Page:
This is a question I ponder often. I genuinely don’t understand this culture of paying women less to do the same job as their male counterparts. It’s 2018 for goodness sake! Yes, yes I know it’s more complex than that, hence this blog post…
The debate flared up again recently when the BBC’s China Editor Carrie Gracie resigned after finding out that her male counterparts were earning a considerable amount more than her – for doing the same job. Carrie was earning £135,000 a year, however the male US editor earns between £200,000 – £249,000 and the male Middle East editor earns between £150,000 – £199,000. Hmm. She was offered a £45,000 pay raise but this would still leave her earning less than them. So she stood her ground and stuck to her principles and resigned. The BBC responded saying, “fairness in pay” was “vital” to the corporation.” Sure sounds like it…
What are the reasons for disparity in pay?
I don’t have the answers (I’m no expert) but my guess would be that many employers pay women less because women go on maternity leave and have families. It’s women (in most cases) who have to drop everything if the nursery/school calls saying their child is ill and needs to be collected. It’s women (again, in most cases) who would assume the role of carer if a family member needed it. That’s why I think women are paid less, because it’s assumed they’ll need time off.
But it’s not just about pay inequality
Pay inequality is an issue but it’s not the only issue. The issue is much bigger than this. Why does our society put less value on women when it comes to business? It’s assumed that many women choose to be in more junior, lower paid or part time roles because they prioritise their family over their career but this is often not the case. As children, there is so much gender stereotyping: boys grow up to be doctors, lawyers and even the President; girls grow up to be secretaries, teachers or nurses. From a young age we’re conditioning girls to think they can’t be the CEO of a FTSE 100 company. They can’t be a neurosurgeon. They can’t be President. They can’t be a mother AND be successful.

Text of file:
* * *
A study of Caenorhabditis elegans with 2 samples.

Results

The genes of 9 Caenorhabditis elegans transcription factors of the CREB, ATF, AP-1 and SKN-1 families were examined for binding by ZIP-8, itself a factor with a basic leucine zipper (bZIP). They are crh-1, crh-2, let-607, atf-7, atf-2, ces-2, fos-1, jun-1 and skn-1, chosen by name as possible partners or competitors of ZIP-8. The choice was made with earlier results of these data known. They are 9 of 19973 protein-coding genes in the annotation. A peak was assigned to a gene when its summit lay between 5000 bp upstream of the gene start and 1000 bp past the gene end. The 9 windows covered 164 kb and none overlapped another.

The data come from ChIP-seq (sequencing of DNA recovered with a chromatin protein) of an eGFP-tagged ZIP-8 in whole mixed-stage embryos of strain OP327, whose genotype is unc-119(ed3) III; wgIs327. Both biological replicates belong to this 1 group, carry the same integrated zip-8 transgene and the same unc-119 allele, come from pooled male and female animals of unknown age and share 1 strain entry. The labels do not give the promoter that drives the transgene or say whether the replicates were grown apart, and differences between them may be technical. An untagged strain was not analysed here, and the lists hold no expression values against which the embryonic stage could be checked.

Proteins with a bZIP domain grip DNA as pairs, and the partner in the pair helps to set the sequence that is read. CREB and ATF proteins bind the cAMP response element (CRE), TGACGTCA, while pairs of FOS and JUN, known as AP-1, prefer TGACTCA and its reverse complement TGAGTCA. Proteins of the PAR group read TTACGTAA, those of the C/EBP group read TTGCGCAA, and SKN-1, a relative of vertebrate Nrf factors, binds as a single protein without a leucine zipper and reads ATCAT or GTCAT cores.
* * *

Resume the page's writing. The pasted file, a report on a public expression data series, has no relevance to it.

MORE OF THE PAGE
Yes, more and more women are ‘breaking the glass ceiling’ but there aren’t enough of them in the public eye.
So, what can you do about it?
- Know your rights – the Equal Pay Act of 1970 (which was updated in 2010) gives both women and men the right to equal pay for equal work. Therefore, it is illegal to be paid less than a colleague who does the same work as you.
- Understand the gender pay gap – whilst it’s illegal to pay someone less than a colleague who is doing the same work, based on gender, it’s not illegal to have a gender gap between average pay. How it’s calculated is by taking all men’s salaries in a business and all women’s salaries and then calculating the difference between them as a percentage, which is then the gender pay gap. The ONS reported in October 2017 that the gender pay gap is 9.1%, meaning on average, men earn 9.1% more than women. As most CEO and senior leaderships roles are taken up by men (which have high salaries) and more of the entry level or lower roles are fulfilled by women or part-time roles fulfilled by women, the gender pay gap seems to be justified by businesses. But that’s not a justification. It’s a systemic, societal problem.
- Call out gender stereotyping – When you see brands advertising gender stereotyped products, call them out! The more we complain publicly and cause a ‘fuss’, the more we make others conscious of the message this is sending to our children. Collectively we can get brands to stop perpetuating harmful stereotypes.
— Miranda Williams (@M_Williams07) August 6, 2017
- Join the Women’s Equality Party – if you really want to campaign against inequality and make a difference, join the Women’s Equality Party. Men are most welcome too.
- Be your own boss – now this one is a bit left-field (and won’t be for everyone) but if you want to be in charge of your time and what you earn, be your own boss. I went freelance just over two years ago and I’ve earned almost 50% more each year than when I was in full time employment. Plus, I have flexibility. If you’re considering it, here are my ten top tips for going freelance.
Inequality (in all areas) is everyone’s problem. Together, we can make a difference.